May 25, 2022


School meals are a critical component of our nation’s response to the pandemic. During school year (SY) 2020–2021 and SY 2021–2022, school meals, provided millions of students nutritious food whether they were attending school in person or virtually.

School nutrition staff have served as frontline workers during the pandemic, supporting students’ access to healthy meals and playing a critical role in combating childhood hunger. They developed creative strategies for dealing with supply chain issues, and new serving models to accommodate remote learning and social distancing.

According to FRAC’s recently published Large School District Report: Operating School Nutrition Programs During the Pandemic, which surveyed 62 large districts across 31 states, the child nutrition waivers have been critical in helping school districts respond to school closures, student quarantines, distance learning and other challenges during COVID-19. Congress had given the U.S. Department of Agriculture (USDA) the authority to issue these waivers during the pandemic but, unfortunately, they are due to expire on June 30 despite the ongoing need.

Even with most students returning to the classroom for school year (SY) 2021–2022, schools continued to face a variety of challenges. The report reveals that, of the 62 large districts surveyed, 98 percent identified supply chain disruptions as a challenge, and 95 percent identified labor shortages as a challenge. These challenges would have been even greater if not for the nationwide child nutrition waivers.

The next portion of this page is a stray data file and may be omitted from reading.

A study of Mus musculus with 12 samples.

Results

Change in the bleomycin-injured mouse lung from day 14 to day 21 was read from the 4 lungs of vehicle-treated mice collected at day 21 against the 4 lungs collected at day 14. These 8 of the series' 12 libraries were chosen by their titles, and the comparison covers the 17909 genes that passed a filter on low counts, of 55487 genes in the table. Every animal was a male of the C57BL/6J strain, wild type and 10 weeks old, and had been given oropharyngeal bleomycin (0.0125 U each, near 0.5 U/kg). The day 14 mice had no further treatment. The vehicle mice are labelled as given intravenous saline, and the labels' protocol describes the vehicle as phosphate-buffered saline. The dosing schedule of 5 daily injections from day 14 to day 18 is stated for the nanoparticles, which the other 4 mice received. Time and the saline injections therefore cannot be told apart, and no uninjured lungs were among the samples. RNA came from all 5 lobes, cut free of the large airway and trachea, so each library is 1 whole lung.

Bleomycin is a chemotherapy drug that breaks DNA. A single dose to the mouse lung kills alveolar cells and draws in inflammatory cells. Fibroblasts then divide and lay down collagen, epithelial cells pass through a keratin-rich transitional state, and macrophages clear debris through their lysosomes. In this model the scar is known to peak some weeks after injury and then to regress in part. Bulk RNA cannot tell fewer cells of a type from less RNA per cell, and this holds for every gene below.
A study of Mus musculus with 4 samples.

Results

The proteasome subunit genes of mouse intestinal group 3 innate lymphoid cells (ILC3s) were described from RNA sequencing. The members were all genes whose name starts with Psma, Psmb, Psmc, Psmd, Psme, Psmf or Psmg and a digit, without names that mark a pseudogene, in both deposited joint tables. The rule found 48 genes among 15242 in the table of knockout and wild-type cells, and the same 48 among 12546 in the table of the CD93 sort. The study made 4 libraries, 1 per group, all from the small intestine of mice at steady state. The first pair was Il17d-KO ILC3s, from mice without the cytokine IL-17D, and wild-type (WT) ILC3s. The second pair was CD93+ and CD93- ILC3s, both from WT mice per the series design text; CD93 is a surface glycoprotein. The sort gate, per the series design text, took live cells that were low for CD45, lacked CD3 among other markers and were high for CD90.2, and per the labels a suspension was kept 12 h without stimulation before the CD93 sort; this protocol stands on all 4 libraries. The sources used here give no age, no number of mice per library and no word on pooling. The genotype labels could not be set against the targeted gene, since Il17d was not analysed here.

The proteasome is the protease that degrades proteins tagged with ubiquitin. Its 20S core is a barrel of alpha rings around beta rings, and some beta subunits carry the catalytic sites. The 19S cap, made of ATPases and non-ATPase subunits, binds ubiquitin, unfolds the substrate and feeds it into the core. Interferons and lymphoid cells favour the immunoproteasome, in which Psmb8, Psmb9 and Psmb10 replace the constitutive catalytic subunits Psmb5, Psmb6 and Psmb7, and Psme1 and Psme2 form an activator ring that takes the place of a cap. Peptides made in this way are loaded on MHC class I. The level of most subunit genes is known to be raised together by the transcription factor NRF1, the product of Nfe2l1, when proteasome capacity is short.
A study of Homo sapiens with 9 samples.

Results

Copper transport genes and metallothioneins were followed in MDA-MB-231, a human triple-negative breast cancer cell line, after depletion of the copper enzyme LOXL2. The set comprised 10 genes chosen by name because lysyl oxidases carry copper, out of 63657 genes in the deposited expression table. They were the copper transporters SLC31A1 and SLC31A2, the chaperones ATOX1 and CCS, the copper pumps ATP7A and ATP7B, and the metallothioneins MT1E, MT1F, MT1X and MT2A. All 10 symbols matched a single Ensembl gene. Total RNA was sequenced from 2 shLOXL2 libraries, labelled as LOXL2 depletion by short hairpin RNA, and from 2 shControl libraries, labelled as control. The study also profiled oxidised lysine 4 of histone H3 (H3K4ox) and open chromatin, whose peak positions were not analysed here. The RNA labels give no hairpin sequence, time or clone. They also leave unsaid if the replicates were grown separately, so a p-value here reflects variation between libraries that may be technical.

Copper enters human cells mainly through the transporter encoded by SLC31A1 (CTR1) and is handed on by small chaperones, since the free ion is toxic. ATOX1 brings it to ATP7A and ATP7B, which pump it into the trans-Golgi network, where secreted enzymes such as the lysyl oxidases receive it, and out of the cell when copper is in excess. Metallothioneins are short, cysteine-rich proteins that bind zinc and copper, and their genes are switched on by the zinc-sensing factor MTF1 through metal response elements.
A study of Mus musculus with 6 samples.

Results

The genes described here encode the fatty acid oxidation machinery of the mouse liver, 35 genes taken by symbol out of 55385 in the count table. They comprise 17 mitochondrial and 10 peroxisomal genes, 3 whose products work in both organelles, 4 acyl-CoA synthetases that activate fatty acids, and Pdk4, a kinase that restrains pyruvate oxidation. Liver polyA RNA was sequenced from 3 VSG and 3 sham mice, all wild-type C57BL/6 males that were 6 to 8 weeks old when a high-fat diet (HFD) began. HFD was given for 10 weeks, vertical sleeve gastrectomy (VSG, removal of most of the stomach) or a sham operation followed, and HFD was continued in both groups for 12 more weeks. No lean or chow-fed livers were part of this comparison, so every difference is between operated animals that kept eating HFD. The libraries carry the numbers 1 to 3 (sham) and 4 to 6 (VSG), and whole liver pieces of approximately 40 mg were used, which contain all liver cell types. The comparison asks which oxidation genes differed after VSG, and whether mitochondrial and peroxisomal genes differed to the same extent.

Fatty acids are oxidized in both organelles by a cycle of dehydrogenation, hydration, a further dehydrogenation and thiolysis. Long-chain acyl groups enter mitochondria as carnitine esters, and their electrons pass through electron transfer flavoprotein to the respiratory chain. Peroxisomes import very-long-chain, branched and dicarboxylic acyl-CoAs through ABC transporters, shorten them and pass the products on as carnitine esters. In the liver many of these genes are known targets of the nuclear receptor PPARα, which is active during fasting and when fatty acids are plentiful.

Staff also reported significant benefits to serving free meals to all students during the pandemic:

  • 95 percent reported that serving free meals to all students, regardless of household income, has helped reduce child hunger in their school district;
  • 89 percent reported that it made it easier for parents and guardians;
  • 85 percent reported that it eliminated stigma associated with school meals:
  • 82 percent reported that it supports academic achievement.

Other key findings of the report include:

  • In October 2021, a total of 30,569,003 breakfasts and 55,798,092 lunches were served in the 62 districts surveyed. All of them were served at the free rate through the Seamless Summer Option.
  • Average daily participation (ADP) in breakfast increased by over 518,000 across all surveyed districts from 1 million children in April 2021 to 1.5 million in October 2021. ADP in lunch increased by approximately 1.4 million, from 1.4 million in April 2021 to 2.8 million in October 2021.
  • Fifty-two districts saw an increase in breakfast participation from April to October 2021, and 61 districts saw an increase in lunch participation from April to October 2021.
  • The combined reach of breakfast among the 62 districts trailed lunch in both April 2021 and October 2021.

There have been lessons learned from school meal operations during the pandemic and longstanding best practices that can and should be used to increase access and participation in the School Breakfast Program and National School Lunch Program.

FRAC recommends the following policies:

  • Make free school meals available to all students.
  • Extend USDA nationwide waiver authority.
  • Expand direct certification.
  • Support breakfast after the bell models.

Watch our video and raise your hand for healthy school meals for all!